Women's Basketball

Scott’s persona keeps Cougars loose

Interim head coach Wade Scott tries to keep his team loose by cracking jokes, but also has a disciplined approach. | Justin Tijerina/The Daily Cougar

Interim head coach Wade Scott tries to keep his team loose by cracking jokes but also has a disciplined approach. | Justin Tijerina/The Daily Cougar

Wade Scott is not someone who seeks a lot of attention or recognition. He likes to label himself as a blue-collar guy who prides himself on just getting the job done, regardless of how arduous the task may be.

“You want to talk about me? There’s not too much to tell,” he said jokingly. “It’s kind of a boring story.”

But everyone has a story.

And he enjoys reading others’, too, preferably nonfiction books that involve life-or-death scenarios. Two of his favorites, “Lone Survivor” and “Service: A Navy SEAL at War,” are stories that entail Navy SEALs who fight not for themselves, but for the others by their side — Scott’s perfect illustration of what he expects from his Cougars.

Scott said he occasionally tells parts of the book to his players to enforce what he wants to see. So far, his Cougars have been unable to come out victorious in their recent battles.

At a loss

The Cougars (4-14, 0-7) have lost seven consecutive games and haven’t won since Scott became interim head coach when Todd Buchanan resigned Dec. 21.

“It wears on you. It wears on everybody,” Scott said. “(The players) are just as stressed about it as we are. One thing I’ll say about the kids is that they won’t quit and will keep fighting. I wouldn’t want anything less.”

The Cougars have come up short a number of times this season. But other than games against Louisville and Connecticut, nine of the team’s 12 losses have been by single digits and have usually been decided on the last few possessions.

“Right now, it’s about the team trying to band together. We’ve just got to make a little bit of better decisions at the end, hold onto the ball and make a few more shots,” Scott said. “Sometimes, we’re playing more not to lose rather than to win. If (the opponent) hits a shot, instead of wiping it out and be like, ‘OK, they just scored, let’s go back and get it,’ we’re being too much, ‘Oh, how did they score.’ Now we’re thinking too much.”

X’s and O’s guy

When he served as associate head coach, his title before interim head coach, Scott was, and still is, the one who draws up the plays on the sideline during practice and timeouts in the game. He is the X’s and O’s guy during critical moments.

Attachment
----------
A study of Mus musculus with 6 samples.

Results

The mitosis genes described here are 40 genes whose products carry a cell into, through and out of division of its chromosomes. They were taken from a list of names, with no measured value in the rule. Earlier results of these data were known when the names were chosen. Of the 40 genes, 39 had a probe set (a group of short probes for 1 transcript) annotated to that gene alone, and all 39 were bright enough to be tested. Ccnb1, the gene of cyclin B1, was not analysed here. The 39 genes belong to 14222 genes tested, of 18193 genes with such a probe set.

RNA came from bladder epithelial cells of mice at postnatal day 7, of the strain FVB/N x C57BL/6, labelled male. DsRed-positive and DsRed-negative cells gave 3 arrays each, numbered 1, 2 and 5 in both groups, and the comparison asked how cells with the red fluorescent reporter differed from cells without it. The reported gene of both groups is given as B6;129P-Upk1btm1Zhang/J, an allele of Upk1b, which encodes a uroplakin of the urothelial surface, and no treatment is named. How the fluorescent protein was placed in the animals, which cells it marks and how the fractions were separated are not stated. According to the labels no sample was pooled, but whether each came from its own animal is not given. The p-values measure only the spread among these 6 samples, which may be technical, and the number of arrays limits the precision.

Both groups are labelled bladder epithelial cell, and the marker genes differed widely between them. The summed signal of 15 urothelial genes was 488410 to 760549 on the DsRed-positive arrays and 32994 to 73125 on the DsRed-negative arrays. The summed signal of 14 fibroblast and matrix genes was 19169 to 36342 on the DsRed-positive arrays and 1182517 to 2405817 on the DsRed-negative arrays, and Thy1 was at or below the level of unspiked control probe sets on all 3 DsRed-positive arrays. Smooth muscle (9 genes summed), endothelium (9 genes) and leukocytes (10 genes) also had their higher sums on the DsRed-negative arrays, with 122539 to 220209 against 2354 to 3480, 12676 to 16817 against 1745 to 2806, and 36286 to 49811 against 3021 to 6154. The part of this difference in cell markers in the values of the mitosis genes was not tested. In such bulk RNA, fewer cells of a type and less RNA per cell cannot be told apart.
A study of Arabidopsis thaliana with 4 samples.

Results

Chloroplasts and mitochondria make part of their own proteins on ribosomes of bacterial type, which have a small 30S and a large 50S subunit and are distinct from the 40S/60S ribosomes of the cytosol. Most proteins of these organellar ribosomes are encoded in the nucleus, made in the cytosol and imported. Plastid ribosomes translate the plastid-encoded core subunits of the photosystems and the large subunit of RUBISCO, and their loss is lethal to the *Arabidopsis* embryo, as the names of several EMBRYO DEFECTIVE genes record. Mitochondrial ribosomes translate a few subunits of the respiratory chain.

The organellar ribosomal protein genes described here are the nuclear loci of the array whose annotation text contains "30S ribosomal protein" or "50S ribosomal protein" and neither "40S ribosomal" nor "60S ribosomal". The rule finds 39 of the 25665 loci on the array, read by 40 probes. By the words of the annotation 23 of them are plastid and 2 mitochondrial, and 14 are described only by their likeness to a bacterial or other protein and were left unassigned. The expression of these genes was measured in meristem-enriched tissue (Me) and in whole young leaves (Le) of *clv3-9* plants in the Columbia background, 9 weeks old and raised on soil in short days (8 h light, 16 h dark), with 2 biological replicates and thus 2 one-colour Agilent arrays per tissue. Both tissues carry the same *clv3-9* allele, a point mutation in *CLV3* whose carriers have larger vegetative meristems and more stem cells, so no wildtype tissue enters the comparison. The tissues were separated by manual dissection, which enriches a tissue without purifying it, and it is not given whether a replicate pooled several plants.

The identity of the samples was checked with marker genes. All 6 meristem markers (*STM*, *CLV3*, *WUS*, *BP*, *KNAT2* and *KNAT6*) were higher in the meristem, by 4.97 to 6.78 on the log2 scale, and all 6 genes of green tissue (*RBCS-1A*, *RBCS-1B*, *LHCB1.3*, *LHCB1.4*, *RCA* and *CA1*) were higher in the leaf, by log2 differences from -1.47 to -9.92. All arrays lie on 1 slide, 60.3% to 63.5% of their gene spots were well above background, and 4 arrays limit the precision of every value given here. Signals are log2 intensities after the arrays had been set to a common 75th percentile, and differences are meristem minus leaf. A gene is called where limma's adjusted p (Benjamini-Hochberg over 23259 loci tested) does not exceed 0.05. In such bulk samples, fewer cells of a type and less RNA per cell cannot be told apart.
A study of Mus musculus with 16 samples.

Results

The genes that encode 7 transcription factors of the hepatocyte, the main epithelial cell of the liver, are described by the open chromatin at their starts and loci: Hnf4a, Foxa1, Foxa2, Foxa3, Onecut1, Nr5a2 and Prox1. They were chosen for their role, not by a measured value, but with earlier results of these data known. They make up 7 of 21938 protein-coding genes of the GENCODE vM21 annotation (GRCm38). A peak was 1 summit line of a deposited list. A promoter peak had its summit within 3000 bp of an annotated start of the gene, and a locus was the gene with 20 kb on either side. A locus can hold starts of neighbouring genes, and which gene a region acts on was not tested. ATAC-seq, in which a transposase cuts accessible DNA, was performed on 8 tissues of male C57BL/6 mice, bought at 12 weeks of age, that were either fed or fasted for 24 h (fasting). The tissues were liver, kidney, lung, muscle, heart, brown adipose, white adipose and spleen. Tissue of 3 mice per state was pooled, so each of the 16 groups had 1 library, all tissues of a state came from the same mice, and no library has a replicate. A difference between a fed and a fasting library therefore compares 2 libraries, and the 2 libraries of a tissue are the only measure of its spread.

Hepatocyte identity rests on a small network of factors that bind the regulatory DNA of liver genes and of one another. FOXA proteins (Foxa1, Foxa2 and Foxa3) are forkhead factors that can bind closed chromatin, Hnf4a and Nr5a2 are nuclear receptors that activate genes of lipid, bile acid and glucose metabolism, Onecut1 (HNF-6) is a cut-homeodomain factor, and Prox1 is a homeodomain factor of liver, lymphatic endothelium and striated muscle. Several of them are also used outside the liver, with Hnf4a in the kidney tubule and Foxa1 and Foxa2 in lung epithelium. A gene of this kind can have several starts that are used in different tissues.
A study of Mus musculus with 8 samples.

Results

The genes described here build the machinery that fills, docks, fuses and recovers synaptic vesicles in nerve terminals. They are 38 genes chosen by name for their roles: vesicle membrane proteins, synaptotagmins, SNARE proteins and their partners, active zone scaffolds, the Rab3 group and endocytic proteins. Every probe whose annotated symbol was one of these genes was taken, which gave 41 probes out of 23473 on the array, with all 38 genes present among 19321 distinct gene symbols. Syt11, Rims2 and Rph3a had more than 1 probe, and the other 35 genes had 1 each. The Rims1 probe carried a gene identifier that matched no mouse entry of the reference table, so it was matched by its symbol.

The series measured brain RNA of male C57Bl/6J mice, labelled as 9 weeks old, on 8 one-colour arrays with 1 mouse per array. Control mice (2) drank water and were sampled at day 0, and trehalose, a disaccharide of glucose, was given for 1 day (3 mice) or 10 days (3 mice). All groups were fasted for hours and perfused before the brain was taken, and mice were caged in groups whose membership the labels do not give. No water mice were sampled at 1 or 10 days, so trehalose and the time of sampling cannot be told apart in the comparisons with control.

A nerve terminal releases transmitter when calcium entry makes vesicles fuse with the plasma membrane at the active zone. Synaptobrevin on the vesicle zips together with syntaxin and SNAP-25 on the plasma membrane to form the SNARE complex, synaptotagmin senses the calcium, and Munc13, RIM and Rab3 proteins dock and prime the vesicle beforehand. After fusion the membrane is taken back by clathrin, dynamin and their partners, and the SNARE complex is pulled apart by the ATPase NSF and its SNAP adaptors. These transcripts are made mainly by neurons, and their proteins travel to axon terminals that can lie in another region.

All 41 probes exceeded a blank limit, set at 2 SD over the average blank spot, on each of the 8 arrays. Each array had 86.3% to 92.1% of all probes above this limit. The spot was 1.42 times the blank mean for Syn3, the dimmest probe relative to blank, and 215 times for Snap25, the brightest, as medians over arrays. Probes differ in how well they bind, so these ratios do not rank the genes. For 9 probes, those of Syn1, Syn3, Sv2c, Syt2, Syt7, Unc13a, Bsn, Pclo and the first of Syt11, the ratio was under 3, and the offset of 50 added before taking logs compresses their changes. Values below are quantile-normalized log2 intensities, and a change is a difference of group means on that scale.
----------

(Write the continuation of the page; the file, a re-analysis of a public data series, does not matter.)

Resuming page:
Scott said his role was not only different for himself, but for his players as well. As associate head coach, he could be more of the hands-on guy and be a little more positive. But now as the head coach, he’s the one who has to be more vocal toward his players during a game.

“A lot of times, it kind of catches (the players) off guard. It used to be where I can say, ‘That’s OK, that’s OK,’ but now I’m the one who has to say, ‘no, that’s not OK.’ It’s an adjustment; not only for them, but for me as well,” Scott said.

“When we play, I can control certain things. And that’s one thing I’ve got to do a better job with: not losing it when a bad play is made. I’ve got to shake that off a little bit.”

Assistant coach Ravon Justice played for Scott from 2001-02 at Clarendon College and was Western Junior College Athletic Conference Player of the Year. She said Scott will do whatever is necessary to ensure his team will be ready for their next opponent.

“He takes pride in learning the game. He stays up and watches film. Anytime he plays somebody, he’ll watch seven to eight films,” she said. “He’s the type of person who will call other coaches at the NBA level for plays. He loves the game of basketball. It’s his passion.”


Even though the team has a 4-14 record, Scott knows it is important to keep the players with a positive attitude while still always giving their best effort.

“He’s one of those energetic coaches. You need a laugh, he’ll make you laugh. He’ll just talk to you (in a way) that seems to always get you going,” said sophomore guard Alecia Smith.

“He’s a go-getter. He wants the best out of all his players. When we’re tired, and the game is on the line, he’ll be the one to give us that look that’ll fire us up and give us the energy to step up.”

Scott feels he has to keep an upbeat attitude himself.

“My mom has always told me, ‘If you lose your sense of humor, you’ve lost yourself.’ It’s either laugh about something or cry about everything. Part of that is to take a little bit off them and relax a little bit,” Scott said.

Like the military stories he had read, Scott’s philosophy is prided on hard work, accountability and most of all, “being a great teammate.”

Because when you’re competing on the basketball court, it feels like life and death — because in collegiate sports, losing hurts. Everybody has to do their job and look out for their teammate and keep perspective on life, Scott said.

“This is not life and death. It’s a sport. Now we want to excel in that sport, don’t get me wrong, but, in the end, nobody is going to lose their life if you lose a game. You’ve got to chalk up, come back to work and see what you can do better.”